WILKES-BARRE — At a news conference Monday, Gov. Tom Wolf, joined by Acting State Police Commissioner Lt. Col. Robert Evanchick, legislators and stakeholders, urged passage of commonsense gun safety legislation, including background checks on all gun purchases in Pennsylvania.
“All of Pennsylvania’s citizens have the right to live happy, healthy lives free from fear about their and their family’s personal safety,” Wolf said. “Unfortunately, in the past decades we have seen that sense of security, that sense of safety, threatened. I am calling on the legislature to take up additional commonsense gun reform bills that will help us close dangerous loopholes and keep weapons out of the hands of individuals who pose a threat to Pennsylvania’s citizens.
Wolf asked the Legislature to pass a measure expanding background checks on firearms in Pennsylvania and end an exception for shotguns, sporting rifles and semi-automatic rifles that are sold at gun shows.
Currently, background checks cover all sales of handguns, except for transfers within families.
Wolf said legislation should be passed that requires all those who wish to purchase a firearm to go through a State Police background check — he said universal background checks are one of the best ways we can keep weapons out of the hands of dangerous individuals.
“In the commonwealth, a firearms transaction between two private parties does not require a background check if the firearm falls within certain criteria (these firearms are commonly referred to as long guns),” Evanchick said. “It is this void in the current law we are in support of changing. The Pennsylvania State Police encourages closing this void in the current law and requests that all firearm purchases and or transfer of ownership require a universal background check.”
The Republican-controlled Legislature has long resisted gun-control measures and appears unlikely to expand background checks or ban certain devices, such as assault-style weapons or bump stocks, despite the governor’s support. Those bills have languished in committee without action, despite bipartisan support.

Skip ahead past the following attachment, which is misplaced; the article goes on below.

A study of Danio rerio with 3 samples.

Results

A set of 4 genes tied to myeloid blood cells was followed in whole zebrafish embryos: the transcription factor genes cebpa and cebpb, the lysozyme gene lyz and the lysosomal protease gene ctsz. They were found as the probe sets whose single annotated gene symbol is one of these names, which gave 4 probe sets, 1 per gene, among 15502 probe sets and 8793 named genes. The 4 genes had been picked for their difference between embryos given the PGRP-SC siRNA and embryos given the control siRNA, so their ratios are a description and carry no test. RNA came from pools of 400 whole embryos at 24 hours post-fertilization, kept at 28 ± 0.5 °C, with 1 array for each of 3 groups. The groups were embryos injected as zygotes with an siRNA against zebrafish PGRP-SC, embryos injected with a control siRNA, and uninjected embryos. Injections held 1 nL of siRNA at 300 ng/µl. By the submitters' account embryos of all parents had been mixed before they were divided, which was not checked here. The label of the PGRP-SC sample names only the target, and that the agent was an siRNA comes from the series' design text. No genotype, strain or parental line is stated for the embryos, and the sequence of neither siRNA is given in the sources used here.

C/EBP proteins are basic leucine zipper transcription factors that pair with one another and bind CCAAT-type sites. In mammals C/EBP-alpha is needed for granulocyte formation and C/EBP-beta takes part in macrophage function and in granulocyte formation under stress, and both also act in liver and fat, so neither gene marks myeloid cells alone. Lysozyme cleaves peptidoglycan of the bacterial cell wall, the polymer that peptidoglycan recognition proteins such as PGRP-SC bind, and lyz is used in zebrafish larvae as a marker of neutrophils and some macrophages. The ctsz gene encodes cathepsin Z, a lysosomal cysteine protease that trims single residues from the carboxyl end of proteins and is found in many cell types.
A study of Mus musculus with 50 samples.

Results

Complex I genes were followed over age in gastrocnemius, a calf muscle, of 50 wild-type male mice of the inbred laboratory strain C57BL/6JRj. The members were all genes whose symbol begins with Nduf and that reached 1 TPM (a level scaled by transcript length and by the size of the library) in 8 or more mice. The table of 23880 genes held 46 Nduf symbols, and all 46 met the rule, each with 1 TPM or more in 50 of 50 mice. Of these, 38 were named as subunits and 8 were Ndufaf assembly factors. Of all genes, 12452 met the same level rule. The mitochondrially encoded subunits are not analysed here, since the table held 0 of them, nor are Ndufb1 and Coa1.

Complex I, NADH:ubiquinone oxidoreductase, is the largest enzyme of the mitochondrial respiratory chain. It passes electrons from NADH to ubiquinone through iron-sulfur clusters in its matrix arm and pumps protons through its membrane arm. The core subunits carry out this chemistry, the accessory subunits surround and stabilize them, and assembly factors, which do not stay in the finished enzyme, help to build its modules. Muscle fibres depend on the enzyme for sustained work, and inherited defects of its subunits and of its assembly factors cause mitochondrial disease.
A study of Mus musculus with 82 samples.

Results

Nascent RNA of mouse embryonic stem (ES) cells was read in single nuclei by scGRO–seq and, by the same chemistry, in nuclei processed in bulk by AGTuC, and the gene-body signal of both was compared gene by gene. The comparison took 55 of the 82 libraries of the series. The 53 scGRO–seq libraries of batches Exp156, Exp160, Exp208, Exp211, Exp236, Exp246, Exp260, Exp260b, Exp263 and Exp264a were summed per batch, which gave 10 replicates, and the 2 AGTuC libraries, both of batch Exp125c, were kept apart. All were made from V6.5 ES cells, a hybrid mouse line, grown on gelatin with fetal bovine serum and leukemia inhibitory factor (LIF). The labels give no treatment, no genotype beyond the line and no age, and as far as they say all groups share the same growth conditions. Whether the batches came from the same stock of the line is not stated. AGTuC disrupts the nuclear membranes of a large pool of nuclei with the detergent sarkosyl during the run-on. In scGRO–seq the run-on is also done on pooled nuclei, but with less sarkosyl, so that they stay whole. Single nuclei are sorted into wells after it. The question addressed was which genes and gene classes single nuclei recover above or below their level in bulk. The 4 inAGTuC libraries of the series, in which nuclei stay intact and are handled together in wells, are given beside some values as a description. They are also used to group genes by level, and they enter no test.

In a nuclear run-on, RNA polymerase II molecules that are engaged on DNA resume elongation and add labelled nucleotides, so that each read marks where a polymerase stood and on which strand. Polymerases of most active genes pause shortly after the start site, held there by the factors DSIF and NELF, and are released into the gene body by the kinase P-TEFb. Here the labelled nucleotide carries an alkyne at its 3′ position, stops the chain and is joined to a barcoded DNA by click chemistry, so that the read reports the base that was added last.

State Rep. Eddie Day Pashinski, D-Wilkes-Barre, said people have a right to protect themselves, their families and their property.
“I own guns and target shoot,” Pashinski said. “To be clear, I am not trying to take anyone’s gun away from them, However, there should be a national and state registry, a communications system that is easily accessible to law enforcement and gun dealers before people can purchase a gun.”
Pashinski said an ID must be shown when purchasing a wide variety of items, so why not guns.
“We need common-sense provisions to help law enforcement keep us safe and help prevent future tragedies,” Pashinski said. “Appropriate background checks, waiting periods, and age requirements are simple common-sense things to do in an effort make our lives safer and the proper background check help to discover criminal and mental health problems that are generally linked to gun violence.”
That said, Pashinski added that there is no one law or set of laws that will prevent every tragedy.
“But as government officials, we must try to protect people by initiating regulations and laws to keep Americans as safe as possible,” he said.
Pashinski said traffic laws have been passed and traffic devices installed to try to prevent accidents and deaths. He said the traffic light and the stop sign have prevented incalculable accidents, injuries and deaths.
“But those devices have not prevented every accident or death from occurring,” Pashinski said.
The House is eyeing similar measures, including one that would create an “extreme risk protection order” that allows a law enforcement officer, a family member, or a household member to petition a judge to order the immediate, if temporary seizure of someone’s firearms.
The governor also urged the House to quickly pass Senate Bill 501, which the Senate recently unanimously passed, and which prevents domestic abusers with protection from abuse orders against them from owning or possessing guns.
“I ask that the House work to quickly pass SB 501, and that the full legislature get to work to help close loopholes and pass reasonable gun safety reform laws,” Gov. Wolf said.
Reach Bill O’Boyle at 570-991-6118 or on Twitter @TLBillOBoyle. The Associated Press contributed to this report.